Monday, 4 April 2011

Post-Party Prostration

Darlinges, I have been to two more parties since I wrote. I am utterly exhausted and have a meelyon dishes to wash. So chat happily in the combox. Here is a topic: Those of us born after 1985 have learned from the mistakes of the generations born between 1940 and 1975.

Go for it, future of the human race!

10 comments:

FrB said...

Those of us born after 1975 and before 1985 have learned that the generations born before 1975 tend to ignore us and those born after 1985 find us irrelevant.

What? Me bitter about being excluded from this discussion? ;)

Christine said...

I was born IN 1985, and this post pretty much sums up a lot of what I've learned in the last few years, about myself, my family, the Church, and society-at-large....and much of what I've learned was reinforced by this lovely blog here.

So, to answer the question, yes, indeed: I've learned, and am still learning, from the crazy stuff (and some good stuff I guess) of the previous 2 generations.

Christine said...

Nah, I this folks born in the 70's are relevant. Just the folks who were past the age of logic in the 60's & 70's didn't always use it. (tee hee)

sprachmeister said...

My brother and I (both born after 1985) have spent many an hour discussing this - though it's pointless discussion as we're in complete agreement. Let's just say our favourite documentary is a BBC one called "Why I hate the sixties"...

Maggie said...

Indeed. I look at the moral mess my parents' generation landed us in, and I cringe. And get angry. But mostly cringe.

Seraphic said...

Hey, Father B, try having been born in 1971. Now that's historically irrelevant--although I wonder if...Nope--Kurt Cobain was born in 1967. What about Noel Gallagher? Dang! 1967! What about Liam? 1972! Argh!

Ginger said...

Hm. I don't think we've learned our lesson. Women and men's roles in romance have been practically reversed, marriage is not the norm, lasting marriages even less so. I think we're, in fact, worse off than we were in the '60s. The '60s was just when it got started.

My biggest beef is with the feminists who complain that men can't be relied upon. The single mothers who had their children out of wedlock and are surprised that the father has disappeared. They don't seem to realize that by allowing men to "get the milk for free," they all but created the Dead-Beat Dad.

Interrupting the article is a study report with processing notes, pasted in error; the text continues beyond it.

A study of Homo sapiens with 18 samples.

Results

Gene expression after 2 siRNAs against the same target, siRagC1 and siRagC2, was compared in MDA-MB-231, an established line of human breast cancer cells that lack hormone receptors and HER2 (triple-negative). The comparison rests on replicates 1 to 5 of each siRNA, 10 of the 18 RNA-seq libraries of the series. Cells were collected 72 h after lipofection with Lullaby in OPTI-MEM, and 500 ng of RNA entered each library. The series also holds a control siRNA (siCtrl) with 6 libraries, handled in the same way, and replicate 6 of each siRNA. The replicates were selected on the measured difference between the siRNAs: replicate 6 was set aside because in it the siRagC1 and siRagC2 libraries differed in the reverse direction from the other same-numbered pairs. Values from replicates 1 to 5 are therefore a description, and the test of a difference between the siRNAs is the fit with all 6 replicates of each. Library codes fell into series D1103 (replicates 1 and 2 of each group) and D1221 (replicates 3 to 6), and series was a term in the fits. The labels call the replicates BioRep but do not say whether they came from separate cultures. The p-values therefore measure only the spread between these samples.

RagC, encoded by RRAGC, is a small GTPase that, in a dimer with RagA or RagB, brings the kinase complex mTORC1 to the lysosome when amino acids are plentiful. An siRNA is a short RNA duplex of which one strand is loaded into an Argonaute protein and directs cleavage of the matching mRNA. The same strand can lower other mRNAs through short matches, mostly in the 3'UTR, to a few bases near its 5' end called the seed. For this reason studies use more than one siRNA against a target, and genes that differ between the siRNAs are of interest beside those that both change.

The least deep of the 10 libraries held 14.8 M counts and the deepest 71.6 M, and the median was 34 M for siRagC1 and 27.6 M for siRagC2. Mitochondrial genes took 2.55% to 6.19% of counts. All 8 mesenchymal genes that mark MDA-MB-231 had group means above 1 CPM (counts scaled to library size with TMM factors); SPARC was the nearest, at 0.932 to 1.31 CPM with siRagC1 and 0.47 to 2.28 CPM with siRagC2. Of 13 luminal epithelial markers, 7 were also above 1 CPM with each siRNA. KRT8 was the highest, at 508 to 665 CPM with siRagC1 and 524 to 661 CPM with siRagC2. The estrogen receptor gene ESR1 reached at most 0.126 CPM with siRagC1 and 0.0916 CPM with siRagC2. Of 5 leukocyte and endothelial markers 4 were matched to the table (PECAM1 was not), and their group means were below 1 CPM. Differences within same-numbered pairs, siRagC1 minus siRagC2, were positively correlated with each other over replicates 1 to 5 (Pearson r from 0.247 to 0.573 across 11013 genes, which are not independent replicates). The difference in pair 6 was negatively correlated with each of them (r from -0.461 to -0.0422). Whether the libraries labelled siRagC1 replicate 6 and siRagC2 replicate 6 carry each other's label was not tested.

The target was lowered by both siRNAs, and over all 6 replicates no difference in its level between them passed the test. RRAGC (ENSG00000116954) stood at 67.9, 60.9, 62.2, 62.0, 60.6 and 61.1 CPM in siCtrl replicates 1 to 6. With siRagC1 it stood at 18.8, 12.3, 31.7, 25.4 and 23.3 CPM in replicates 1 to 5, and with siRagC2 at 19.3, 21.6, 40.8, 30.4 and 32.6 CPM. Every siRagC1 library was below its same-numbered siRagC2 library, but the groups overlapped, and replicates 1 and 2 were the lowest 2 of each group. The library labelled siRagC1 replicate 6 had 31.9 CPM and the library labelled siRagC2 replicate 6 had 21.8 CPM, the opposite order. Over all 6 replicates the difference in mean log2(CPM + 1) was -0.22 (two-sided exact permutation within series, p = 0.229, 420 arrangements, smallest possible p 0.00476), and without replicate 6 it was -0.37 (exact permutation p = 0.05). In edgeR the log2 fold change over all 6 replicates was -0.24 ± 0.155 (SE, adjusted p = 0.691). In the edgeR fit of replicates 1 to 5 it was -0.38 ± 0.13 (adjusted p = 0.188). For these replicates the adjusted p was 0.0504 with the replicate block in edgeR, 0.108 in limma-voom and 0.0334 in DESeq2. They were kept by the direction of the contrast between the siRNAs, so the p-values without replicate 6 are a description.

Furthermore, feminism propogated the idea that not only do we not need men, we are superior to them. We don't allow them to practice their manly virtues that foster chivalry and respect for women because we can darn well do it ourselves.

Men will do what they think will please the women in their life, even if the driving force is their sexuality. When women start making more demands that men be men, (and i mean real demands-- not just berating and nagging) maybe feminism will turn around.

RMVB said...

Being a woman born in 1987, I have to be honest, I hate the fact that I HAVE to go to college and get a job, or be a waitress for the rest of my life, and that I have to provide for myself or die. I hate that it's scandalous to want to be provided for by a man so that I can focus on motherhood, I don't like that I can't live with my parents while Single without looking like a bum, I hate that wanting men to be men and pay for dinner means that I'm objectifying him.
But I LOVE being Catholic in such a world where it is scandalous to be Catholic.

Ginger said...

I've never regretted having to make a living. If one good thing came from the feminist movement, it is that women no longer have to be at the mercy of marriage.

The whole idea behind being a Seraphic Single is that you don't HAVE to get married if you don't want to. And furthermore, a husband is not a guarantee, (and you may be left widowed) so women should learn how to provide for themselves and keep themselves occupied.

I also don't think it's quite as scandalous to be a stay at home mom as it used to be as recently as the '90s. And even if it were, being raised by a SAHM has steeled me against such criticism.

Christine said...

@RMVB - Well said!

"But I LOVE being Catholic in such a world where it is scandalous to be Catholic."

It's not easy, but I get a kick out of being truly counter-cultural.